In 1980, as a graduate student in film production, I was part of a crew that traveled to Copan, Honduras, to make a short educational movie about the ongoing archaeological excavation. It was an eye-opening experience and it planted the seeds for the kind of filmmaking I ended up doing as a career. We recorded interviews with the archaeologists and shot scenes that helped to elucidate the points they made, including not just the dig itself but the way the local people lived in the same place and conditions as the Maya did more than a thousand years before. I fell in love with the process of analyzing the message and creating sequences that interpret and visualize it.
I was never interested in Hollywood — my dream job was to work at National Geographic — but I love the process of filmmaking, the creative collaboration with a good crew and the technologies of sound and picture recording, and particularly the challenges of unscripted documentary filmmaking, the travel, shooting in difficult locations, interviewing non-actors and getting them comfortable in front of the camera, making a gazillion decisions a day on where to put the camera and how to structure a scene, getting the crew to all pull in the same direction, keeping the end goal in mind but still remaining flexible if disaster strikes. It’s stressful, sometimes backbreaking work and I loved it.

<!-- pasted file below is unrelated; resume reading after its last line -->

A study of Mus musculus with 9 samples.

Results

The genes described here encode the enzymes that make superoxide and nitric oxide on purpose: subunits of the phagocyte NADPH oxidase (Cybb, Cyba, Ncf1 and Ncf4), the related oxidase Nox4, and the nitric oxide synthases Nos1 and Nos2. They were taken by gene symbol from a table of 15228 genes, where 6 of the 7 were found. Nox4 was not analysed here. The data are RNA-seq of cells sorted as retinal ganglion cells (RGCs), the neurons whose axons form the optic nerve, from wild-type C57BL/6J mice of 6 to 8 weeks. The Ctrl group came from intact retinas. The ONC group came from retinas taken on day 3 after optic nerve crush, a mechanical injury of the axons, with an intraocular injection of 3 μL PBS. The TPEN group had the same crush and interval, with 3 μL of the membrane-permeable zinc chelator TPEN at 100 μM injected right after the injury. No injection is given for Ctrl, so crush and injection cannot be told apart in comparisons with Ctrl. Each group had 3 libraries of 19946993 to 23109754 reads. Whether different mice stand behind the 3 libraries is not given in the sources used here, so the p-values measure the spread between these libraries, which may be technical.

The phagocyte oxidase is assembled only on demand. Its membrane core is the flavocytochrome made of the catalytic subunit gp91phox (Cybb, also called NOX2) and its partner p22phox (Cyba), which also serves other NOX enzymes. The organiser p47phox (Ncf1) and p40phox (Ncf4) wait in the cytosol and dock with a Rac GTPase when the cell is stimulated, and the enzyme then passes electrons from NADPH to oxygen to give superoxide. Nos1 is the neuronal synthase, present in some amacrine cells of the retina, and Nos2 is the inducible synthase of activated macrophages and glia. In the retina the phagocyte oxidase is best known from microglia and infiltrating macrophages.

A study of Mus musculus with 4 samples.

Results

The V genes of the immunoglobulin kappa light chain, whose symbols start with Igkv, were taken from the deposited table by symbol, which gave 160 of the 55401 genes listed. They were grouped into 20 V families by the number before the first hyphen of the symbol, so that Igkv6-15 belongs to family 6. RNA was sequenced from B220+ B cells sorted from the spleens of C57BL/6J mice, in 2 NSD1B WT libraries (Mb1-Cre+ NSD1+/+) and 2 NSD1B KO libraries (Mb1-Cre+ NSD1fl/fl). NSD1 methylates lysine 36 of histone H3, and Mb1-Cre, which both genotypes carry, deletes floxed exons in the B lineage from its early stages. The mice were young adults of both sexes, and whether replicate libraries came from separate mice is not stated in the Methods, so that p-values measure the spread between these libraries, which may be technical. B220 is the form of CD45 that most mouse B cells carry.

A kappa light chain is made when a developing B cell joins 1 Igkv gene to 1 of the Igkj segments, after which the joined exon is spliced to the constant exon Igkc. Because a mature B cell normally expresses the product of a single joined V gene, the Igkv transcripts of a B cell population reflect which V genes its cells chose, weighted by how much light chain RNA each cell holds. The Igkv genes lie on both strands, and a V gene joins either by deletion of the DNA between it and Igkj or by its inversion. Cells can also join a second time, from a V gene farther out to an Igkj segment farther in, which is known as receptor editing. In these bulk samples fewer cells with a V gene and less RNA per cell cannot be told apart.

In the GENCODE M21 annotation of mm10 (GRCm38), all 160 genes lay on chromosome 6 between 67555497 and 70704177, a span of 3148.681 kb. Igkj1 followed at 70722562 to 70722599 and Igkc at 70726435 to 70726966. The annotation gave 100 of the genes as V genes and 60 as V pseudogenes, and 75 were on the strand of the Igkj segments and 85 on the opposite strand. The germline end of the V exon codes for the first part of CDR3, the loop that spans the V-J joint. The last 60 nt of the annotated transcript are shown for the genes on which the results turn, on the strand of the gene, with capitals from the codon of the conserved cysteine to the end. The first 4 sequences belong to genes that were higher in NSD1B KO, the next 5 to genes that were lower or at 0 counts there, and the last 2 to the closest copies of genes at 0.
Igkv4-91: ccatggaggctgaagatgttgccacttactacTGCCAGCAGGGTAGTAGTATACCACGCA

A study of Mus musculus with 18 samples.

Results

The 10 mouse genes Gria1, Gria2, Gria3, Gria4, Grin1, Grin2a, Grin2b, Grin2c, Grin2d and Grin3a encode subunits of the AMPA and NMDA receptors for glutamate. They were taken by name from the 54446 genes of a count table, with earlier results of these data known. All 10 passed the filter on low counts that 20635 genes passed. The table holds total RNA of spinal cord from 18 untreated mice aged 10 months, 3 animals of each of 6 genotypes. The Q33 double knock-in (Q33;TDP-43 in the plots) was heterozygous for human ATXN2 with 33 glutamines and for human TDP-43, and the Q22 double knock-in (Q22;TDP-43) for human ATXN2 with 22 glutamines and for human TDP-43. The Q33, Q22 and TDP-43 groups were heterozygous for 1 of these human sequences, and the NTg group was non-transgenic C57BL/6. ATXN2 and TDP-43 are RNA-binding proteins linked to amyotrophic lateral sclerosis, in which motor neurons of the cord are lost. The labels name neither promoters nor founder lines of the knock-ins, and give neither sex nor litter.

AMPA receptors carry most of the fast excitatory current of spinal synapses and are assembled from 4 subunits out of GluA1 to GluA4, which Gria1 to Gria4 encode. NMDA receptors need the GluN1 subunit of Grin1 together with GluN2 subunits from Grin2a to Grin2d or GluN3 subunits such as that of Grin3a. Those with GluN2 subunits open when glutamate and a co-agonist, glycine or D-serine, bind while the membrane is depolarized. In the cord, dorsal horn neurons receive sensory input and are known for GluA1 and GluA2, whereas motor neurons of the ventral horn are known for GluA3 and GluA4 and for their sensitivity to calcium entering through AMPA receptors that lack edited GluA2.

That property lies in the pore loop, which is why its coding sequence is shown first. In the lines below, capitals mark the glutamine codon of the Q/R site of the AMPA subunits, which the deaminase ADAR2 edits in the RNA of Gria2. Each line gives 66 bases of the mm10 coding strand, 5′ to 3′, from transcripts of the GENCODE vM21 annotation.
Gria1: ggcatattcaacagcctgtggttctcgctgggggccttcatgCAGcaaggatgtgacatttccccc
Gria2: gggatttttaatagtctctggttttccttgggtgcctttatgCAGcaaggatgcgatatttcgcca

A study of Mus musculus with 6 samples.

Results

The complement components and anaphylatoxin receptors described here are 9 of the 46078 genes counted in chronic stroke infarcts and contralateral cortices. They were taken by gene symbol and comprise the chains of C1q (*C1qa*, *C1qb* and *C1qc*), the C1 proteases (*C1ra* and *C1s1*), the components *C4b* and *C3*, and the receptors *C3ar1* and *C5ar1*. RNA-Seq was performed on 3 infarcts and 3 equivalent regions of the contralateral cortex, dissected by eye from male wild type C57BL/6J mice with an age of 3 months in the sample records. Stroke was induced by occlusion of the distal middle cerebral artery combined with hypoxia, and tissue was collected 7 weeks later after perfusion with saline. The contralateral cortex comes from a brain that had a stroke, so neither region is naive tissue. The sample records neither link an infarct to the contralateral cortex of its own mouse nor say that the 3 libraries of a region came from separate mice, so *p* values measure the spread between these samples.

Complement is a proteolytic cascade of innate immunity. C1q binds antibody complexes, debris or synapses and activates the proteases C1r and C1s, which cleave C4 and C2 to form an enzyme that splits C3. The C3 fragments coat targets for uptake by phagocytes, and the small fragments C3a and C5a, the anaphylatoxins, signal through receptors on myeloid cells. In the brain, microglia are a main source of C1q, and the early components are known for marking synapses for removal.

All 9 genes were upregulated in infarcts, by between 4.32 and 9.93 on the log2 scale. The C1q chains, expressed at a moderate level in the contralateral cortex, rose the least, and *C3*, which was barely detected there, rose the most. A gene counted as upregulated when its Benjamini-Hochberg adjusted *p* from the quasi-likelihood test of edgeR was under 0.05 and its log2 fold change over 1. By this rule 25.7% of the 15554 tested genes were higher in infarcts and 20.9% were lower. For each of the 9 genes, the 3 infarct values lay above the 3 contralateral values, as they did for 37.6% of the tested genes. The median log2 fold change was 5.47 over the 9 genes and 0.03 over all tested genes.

I never got to work for National Geographic but I did have a very satisfying career making corporate image, marketing and public information programs for a lot of high tech companies, with all the the same elements of documentary filmmaking that I fell in love with on that first movie gig in Copan. I couldn’t wait to go back.
We got to the ruins at opening time to avoid the crowds but the crowds were already gathering, including several school groups. We picked up a guide as recommended and walked toward the park entrance, past the gorgeous macaws. We never tire of macaws, and we even have a soft sculpture macaw adorning Escape Velocity to remind us of our time in Central America.
The story of Copan is rich and complex and beyond my ability to summarize adequately. You can read more here and here. We did what you should never do, we raced though the ruins and the museum instead of lingering for days. We just didn’t have the time, but better to be here for a day than not to be here at all.
Our guide Fidel started nearly every sentence with “the archaeologists deciphered….” as he interpreted a significant glyph or recited the successions of the Mayan rulers in the various periods. Within minutes our heads were reeling with too many dates and facts, which Fidel admitted was a common reaction. Research, excavation and reconstruction at this site have been going on for over 150 years and the archaeologists have deciphered many things, apparently at an ever-increasing pace. Luckily the Hondurans have also undertaken serious conservation efforts, protecting the stelae, structures and scupture from the severe weather conditions and too many touchy hands. Many of the more fragile and precious works have been moved to a new museum, with excellent copies marking the original locations.